Science & Engineering Education

LETS: Learn Engineering with Tokyo University Students


LETS is a team of science and engineering educators that began as a project-based course officially named Science Understanding Promotion Project (工学理解促進プロジェクト), which had been offered at the University of Tokyo until the Winter of 2015. The course was a part of the Creative Engineering Project series that provide UTokyo undergrads and grad students hands-on experiences on a variety of engineering-related topics. In LETS, students would form groups of 4-5, where each group designed a unique science lesson on the topic of their choice. The lessons would be eventually delivered to elementary school children in the local neighborhood twice in a semester. One distinctive feature of LETS was a lesson design strategy based on learning sciences; we would primarily use How People Learn as a textbook to grasp how crystallization of knowledge occurs in the learning process, and reflect it into our design choices, in order to respect pre-existing knowledge of the children and promote their knowledge transfer. I joined LETS in 2013 as a junior student, then served as the TA in the Summer of 2015.

LETS Meeting 1 LETS Meeting 2

As a project-based course, LETS had two learning goals. One was for the children in public elementary schools to get exposed to cool STEM topics, learning how basic principles lead to sophisticated engineering technology that is nowadays fundamental to our daily life. The other was for the UTokyo students to gain deeper understanding of the basic yet complex scientific concepts, to the extent that they could readily communicate them with people whose pre-existing knowledge is very different from theirs. Through this experience the students would obtain skills to explain technical matters without using too much jargon or intricate equations.

LETS lesson on structures LETS lesson on colors

Over the years we offered a variety of lessons, whose topics include design of earthquake-resistant structures, surprising relationship between heat transfer and warm clothes, secrets of colors induced by light, and so on. Although LETS is not offered as a course anymore, we still volunteer to organize science workshops on occasion.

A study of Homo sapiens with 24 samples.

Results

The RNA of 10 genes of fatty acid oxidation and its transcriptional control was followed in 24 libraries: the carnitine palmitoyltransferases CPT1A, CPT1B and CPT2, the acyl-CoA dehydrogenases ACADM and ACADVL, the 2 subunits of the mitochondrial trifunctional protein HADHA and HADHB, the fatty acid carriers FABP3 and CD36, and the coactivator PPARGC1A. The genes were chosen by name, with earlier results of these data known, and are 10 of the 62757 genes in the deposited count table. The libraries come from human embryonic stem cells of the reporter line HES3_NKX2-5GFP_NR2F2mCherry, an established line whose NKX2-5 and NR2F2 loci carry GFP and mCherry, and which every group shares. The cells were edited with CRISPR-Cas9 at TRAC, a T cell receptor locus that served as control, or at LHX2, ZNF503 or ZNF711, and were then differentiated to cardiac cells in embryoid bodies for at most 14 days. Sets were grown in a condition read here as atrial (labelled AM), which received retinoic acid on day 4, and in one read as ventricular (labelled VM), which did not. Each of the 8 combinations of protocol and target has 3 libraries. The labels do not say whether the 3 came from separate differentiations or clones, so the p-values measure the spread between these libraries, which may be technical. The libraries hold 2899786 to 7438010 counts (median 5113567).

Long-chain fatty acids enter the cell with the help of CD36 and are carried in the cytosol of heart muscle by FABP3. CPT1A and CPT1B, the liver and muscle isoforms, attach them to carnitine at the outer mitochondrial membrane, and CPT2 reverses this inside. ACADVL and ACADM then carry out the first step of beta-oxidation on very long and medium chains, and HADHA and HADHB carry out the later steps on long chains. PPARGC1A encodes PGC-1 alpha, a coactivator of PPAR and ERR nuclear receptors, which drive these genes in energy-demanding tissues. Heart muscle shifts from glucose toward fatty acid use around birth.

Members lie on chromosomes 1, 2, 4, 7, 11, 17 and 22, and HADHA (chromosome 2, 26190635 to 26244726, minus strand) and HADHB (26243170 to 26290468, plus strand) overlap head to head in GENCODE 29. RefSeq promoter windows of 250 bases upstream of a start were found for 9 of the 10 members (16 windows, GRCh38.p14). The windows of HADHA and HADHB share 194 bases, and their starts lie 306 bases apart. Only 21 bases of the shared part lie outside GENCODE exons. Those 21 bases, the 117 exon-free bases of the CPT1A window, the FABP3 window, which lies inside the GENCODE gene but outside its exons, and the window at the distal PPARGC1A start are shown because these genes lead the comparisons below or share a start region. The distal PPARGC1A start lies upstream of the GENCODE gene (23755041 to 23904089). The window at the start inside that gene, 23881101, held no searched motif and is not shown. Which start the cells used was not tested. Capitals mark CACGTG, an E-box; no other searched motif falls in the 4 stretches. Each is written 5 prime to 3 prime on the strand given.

Star Watching Class in Oshika

Oshika Star-Watching Class

In December 2013, I volunteered with other members of UTokyo Astronomy Club to organize a stargazing event at Oshika Family Travel Village Auto Camping Ground in the Oshika Peninsula in Miyagi, Japan. The event was intended for children and their parents living in the Peninsula, which is one of the many areas in the Tohoku region that were severely hit by the Great East Japan Earthquake and the tsunami in March 2011.

We brought from Tokyo multiple astronomical telescopes to the site to show nebulae and the Solar planets in the winter sky, which is indeed one of the clearest and the darkest skies that you could find in the mainland Japan, more than ideal for stargazing. To supplement the outdoor activity, a few UTokyo students majoring in Astronomy gave an introductory lecture and quizzes about the stars and the galaxies.

The event was supported by JEN, a non-governmental organization that was offering humanitarian support in Oshika at that time. You can find more details in their blog post.